When I teach psychotherapy to my colleagues who are psychiatrists or psychologists, I am careful to stress the importance of not only mastering techniques to perfection, but also paying the utmost attention to patients’ needs. This may mean handing them a box of tissues when they are on the verge of tears, even before they begin looking for them. Or speaking to them gently and reassuringly when hidden sorrows resurface. Or making sure, after an emotional session, that patients are in a condition to drive, and, if not, staying by their side a little longer.
I point out that it is quite simply a matter of being ‘kind’, since the kinder we are with patients, the more progress they make. Besides, there are no undesirable side-effects: nobody has ever complained of being too well-treated.
Still, kindness doesn’t always get high marks in psychotherapy. When I recommend it, I am told that I may be using the wrong word. ‘Benevolent neutrality’ is enough, they say. ‘Kind’ sounds a little soft. Yet kindness is exactly what is intended.
Kindness is, all by itself, a tool of therapy. A powerful one, too, particularly in everyday relationships. At the end of a group-therapy session I was running, I was advised to use an exercise that seemed slightly ridiculous to me. A blank sheet was supposed to be taped to the backs of the eight participants and two therapists, on which each of us was to write down what he considered the other person’s best quality. After 12 weeks, I knew that not everybody thought very highly of every-body else.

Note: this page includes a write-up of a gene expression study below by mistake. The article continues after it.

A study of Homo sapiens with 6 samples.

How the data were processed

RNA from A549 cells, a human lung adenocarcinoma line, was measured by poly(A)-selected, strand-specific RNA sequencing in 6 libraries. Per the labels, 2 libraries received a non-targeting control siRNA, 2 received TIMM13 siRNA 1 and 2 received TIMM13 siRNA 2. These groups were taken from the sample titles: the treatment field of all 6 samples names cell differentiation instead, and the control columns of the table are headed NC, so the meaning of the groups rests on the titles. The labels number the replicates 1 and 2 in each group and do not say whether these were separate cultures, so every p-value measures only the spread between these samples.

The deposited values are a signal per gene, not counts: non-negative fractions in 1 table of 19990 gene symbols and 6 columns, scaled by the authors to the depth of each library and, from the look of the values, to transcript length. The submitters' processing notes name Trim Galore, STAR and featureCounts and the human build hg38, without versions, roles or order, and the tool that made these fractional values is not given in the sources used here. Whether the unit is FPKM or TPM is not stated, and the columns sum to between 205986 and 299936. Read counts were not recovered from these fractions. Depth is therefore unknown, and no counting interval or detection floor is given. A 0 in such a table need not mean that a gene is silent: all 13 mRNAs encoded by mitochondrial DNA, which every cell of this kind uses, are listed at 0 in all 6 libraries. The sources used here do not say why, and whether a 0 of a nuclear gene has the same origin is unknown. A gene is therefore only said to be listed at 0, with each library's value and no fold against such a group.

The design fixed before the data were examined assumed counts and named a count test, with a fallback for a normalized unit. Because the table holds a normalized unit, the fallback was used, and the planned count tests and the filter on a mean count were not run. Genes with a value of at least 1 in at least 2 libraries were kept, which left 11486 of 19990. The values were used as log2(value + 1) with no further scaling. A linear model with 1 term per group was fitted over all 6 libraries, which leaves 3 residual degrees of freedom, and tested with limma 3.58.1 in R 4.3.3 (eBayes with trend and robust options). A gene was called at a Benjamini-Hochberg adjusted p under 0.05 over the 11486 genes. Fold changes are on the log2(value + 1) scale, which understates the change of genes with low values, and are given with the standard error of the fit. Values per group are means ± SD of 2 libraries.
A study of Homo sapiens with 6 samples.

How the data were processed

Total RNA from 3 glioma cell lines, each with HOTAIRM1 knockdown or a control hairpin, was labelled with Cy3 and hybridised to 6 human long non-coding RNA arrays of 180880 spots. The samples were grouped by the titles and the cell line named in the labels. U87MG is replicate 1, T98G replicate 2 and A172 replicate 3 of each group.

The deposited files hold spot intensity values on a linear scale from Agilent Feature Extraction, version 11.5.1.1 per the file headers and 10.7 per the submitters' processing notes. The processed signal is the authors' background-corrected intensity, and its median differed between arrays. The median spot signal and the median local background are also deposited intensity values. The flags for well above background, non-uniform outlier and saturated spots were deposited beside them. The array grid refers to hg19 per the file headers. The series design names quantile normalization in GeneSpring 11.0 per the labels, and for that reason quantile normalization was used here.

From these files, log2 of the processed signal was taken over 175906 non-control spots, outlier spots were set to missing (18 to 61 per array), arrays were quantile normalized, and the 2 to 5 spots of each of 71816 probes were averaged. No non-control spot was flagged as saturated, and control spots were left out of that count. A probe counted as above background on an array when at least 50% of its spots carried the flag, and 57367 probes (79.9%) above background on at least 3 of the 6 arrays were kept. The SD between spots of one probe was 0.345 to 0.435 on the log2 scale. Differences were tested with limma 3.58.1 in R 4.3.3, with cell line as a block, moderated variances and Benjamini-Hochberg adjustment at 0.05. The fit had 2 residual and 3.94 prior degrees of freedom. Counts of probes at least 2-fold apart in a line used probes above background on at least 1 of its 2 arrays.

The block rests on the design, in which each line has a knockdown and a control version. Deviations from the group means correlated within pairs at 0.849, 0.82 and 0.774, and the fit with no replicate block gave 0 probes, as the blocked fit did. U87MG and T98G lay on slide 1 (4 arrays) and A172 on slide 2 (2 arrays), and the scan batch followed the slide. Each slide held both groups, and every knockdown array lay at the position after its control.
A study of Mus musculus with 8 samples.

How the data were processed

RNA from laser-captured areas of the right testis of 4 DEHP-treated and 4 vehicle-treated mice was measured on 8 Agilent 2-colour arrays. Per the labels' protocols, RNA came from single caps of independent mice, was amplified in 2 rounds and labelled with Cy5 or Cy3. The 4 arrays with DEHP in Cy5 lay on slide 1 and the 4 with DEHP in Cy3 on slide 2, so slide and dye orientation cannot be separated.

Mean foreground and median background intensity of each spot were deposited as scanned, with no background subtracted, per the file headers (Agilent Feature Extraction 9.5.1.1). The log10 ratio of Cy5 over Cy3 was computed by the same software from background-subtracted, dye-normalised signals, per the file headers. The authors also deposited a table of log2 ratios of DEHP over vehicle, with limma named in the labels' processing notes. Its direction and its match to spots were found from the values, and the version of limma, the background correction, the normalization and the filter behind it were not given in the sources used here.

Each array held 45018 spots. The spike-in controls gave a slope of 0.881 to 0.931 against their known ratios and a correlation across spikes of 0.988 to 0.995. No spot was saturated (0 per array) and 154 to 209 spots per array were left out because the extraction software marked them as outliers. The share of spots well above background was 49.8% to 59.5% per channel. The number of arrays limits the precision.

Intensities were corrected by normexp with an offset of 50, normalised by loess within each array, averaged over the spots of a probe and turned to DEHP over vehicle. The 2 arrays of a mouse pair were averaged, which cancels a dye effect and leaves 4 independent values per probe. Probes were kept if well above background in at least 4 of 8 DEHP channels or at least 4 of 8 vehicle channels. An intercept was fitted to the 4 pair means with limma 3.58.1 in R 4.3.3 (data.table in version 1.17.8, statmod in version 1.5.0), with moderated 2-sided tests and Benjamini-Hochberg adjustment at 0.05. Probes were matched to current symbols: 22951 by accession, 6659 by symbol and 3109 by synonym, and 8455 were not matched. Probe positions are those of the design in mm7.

Nevertheless, the exercise was a resounding success.
It is striking to see how something positive can always be found in any individual, even if you don’t intend to form a friendship with him or her.
It is even more surprising to observe the effect when the person is told about it. All the participants had a lump in their throat as they took leave of each other, full of gratitude. Kindness had done its work. A remarkable book by psychiatrist Roger Walsh, 'Essential Spirituality', tells a similar story dating from the 1960s. In a particularly difficult class, a schoolteacher used the technique of the blank sheet pinned to the back of each child to try to change the way the children related to each other. Each child left the school with his sheet of paper listing the compliments, which the teacher had rewritten so that they would remain anonymous. Silly? Perhaps.
Years later, that same teacher was attending the funeral of one of her pupils, who had died in Vietnam. The boy’s mother came up to her. ‘Do you remember the letter you gave Mark? He hung it over his bed when he came home that night. It was in the inside pocket of his uniform when he died. I wanted to thank you for what you did for him.’ Why don’t we all carry a letter like that?